Recently at Roundtable, I noticed a Den Leader which was attending for the first time. She looked a bit confused about the whole evening. I went up to her and asked her if she needed any help. I figured she was not sure which room to go to. I was surprised when she was blunt and said, “After just a few months the boys in our new Cub Scout Pack want to invite others and I am afraid I do not know what to do. We started with 8 boys and this could double the size of Pack. I thought I would come here to get some advice.”
There are times when I wish people were more direct with their conversation and thankfully this was one of them. I asked a few commissioners to join me and all of us went to a room to exchange ideas. On reflecting about this meeting, I realized many of these things directly relate to popcorn. Here is a summary of ideas that came out of that dialog.
1. Training – The first item that came up was if she and all of the other leaders had attending Training. She had stated she attended the last Basic Leader Training and that is how she found out about Roundtable. She was not sure about others. If they had more Scouts they would have to at least split the group which means more people need to be trained. As a start, we offered to conduct Youth Protection Training for all the parents at a meeting.
- This is the first step with Popcorn. The Unit Kernel and Assistants should all attend training.
2. Leadership (More specifically how many adults are involved in the Unit) – Because this was a new Unit, it was really run by three people and the others were not asked to be involved because of “other commitments”. As stated earlier, it was prevalent more adults need to be involved. I recommended to her it was important to set the expectations with new parents that they need to help out in some way to support the Unit. If you set this expectation up front, it will be far easier to get everyone to participate in the future.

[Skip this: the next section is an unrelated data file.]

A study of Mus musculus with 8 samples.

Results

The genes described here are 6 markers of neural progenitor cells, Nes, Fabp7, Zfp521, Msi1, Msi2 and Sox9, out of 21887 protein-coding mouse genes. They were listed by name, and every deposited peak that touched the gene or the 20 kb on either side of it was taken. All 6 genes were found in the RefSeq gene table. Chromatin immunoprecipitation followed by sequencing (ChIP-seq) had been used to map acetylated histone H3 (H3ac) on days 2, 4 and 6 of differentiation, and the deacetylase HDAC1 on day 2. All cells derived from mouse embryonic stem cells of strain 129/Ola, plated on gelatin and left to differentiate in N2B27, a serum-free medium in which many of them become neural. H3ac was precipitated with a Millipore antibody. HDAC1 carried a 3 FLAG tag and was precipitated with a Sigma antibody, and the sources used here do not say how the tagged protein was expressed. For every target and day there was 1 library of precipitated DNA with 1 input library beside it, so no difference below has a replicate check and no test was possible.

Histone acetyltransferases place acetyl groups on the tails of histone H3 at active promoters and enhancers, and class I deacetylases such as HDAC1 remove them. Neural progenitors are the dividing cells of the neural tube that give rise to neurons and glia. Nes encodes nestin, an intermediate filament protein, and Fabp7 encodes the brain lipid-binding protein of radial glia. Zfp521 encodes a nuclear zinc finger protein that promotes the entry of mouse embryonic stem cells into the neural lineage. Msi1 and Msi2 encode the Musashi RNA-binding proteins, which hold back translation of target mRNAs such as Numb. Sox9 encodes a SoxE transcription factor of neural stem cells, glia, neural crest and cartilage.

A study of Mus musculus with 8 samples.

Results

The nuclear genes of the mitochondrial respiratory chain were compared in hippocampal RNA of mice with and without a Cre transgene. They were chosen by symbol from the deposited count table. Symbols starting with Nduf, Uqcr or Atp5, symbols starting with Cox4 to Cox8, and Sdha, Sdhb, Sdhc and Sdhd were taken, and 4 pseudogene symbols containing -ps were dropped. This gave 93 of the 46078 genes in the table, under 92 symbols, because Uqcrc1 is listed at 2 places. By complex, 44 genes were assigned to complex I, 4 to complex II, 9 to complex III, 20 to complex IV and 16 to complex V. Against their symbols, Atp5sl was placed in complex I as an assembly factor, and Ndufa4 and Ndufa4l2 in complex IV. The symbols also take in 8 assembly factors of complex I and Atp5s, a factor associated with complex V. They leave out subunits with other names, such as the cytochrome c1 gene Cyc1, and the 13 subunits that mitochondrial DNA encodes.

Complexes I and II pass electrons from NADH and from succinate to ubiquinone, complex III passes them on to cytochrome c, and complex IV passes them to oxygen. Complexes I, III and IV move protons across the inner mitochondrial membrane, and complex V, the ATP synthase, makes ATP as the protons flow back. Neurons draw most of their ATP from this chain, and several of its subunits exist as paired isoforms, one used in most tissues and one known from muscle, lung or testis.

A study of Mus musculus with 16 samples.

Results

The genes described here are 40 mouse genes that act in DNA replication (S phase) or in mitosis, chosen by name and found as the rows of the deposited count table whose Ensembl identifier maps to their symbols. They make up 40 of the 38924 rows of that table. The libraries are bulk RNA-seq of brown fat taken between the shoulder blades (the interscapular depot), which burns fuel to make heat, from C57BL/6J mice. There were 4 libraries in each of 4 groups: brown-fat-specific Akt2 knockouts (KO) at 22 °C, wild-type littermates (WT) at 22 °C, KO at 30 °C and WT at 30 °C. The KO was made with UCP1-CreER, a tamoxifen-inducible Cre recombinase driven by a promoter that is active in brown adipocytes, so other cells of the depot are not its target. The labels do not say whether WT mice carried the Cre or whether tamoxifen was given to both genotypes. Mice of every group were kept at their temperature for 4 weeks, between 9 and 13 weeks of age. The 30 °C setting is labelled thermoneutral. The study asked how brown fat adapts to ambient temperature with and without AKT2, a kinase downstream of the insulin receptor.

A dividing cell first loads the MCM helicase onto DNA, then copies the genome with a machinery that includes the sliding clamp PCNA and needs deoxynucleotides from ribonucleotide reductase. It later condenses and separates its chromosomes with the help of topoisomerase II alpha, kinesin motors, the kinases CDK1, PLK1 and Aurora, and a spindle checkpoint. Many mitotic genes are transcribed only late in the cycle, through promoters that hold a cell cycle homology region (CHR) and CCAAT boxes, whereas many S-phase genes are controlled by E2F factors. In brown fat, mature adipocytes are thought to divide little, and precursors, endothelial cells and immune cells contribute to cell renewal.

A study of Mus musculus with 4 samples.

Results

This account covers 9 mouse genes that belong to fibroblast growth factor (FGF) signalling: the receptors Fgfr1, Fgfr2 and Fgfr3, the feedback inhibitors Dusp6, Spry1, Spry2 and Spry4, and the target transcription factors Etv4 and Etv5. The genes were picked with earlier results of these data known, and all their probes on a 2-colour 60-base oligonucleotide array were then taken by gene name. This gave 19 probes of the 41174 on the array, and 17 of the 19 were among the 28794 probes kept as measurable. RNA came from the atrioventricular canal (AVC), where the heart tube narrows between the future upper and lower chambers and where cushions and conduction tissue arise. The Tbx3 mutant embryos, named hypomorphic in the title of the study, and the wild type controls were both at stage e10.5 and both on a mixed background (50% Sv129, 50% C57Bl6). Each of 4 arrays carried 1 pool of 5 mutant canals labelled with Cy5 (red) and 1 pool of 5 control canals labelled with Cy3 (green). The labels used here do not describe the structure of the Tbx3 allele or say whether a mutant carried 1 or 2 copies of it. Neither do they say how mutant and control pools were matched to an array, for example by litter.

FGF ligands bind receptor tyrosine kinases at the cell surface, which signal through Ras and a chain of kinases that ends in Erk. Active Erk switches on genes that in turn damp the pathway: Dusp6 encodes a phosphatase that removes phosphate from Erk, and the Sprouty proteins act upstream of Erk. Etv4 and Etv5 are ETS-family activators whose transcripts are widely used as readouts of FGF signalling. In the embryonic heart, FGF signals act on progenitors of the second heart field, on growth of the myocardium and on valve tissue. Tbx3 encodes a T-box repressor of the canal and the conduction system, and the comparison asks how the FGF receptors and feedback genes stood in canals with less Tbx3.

- It is important to get more than one person on the team when it comes to popcorn. You can divide the tasks into different roles to spread the load.
3. Calendar – We asked if she had a calendar of the events coming up to hand to these new Scout families. The Unit currently only had the next two months planned. We arranged to have one of the commissioners come to her house to discuss with her how to plan a calendar for the entire year. In addition, we wanted to keep in mind the thought of having twice as many Scouts they currently had.
- With popcorn, it is important to establish a calendar as soon as possible. This would include a Popcorn Kickoff, Show and Sell Dates, Order Turn In, Money Turn In, and Reward Event
4. Capital – I decided to use the word ‘capital’ because it was more than just money. I asked if they conducted a Pinewood Derby Race. They said they wanted to but were not sure how to get a track. Fortunately, we were able to hook them up with another Unit that was not only willing to let them use their track but run the whole program for them the first year. Because they were a new Unit, they started late on popcorn and could only do Take Order the final two weeks of the sale. This was enough to pay for awards, location rental and Pinewood Derby Cars but not much else. Another commissioner agreed to meet with them after they created their calendar to help them establish a budget for the following year.
- It is important to know what your plans are so you know how much money needs to be raised and then set popcorn sales goals enough to cover the entire program year.
5. Day Camp – Camp is the primary item which retain youth from year to year. She did not know if they were going to camp because they did not have the money for it and really did not know that much about it. Fortunately our Council has an opportunity fund that will pay for half of the cost of camp to help out Scouts just like this group. We gave her the contact information of the person at the Council Office who could help.
- Camp is usually the largest expense for a Unit and should be the number one reason for Units to participate in a popcorn fundraiser. Camp should always be included in a Unit Budget.
I know our new Den Leader appreciated all of the help she received. At least she knows where to come for help.
Here are some items to consider if your Unit suddenly doubled in size:
- More adult help?
- Larger meeting location?
- More money for awards?
- New set of patrol gear for an additional patrol?
- Larger or new Pinewood Derby track?
- Targeted activities for different age groups like Tigers vs. Webelos or New Scouts vs. Older Scouts?
- A new trailer to haul all of your gear?
- More organized fundraisers?
- Larger locations to go camping?
I hope you have this conversation with your Unit committees to “Be Prepared” for others wanting to join your successful program.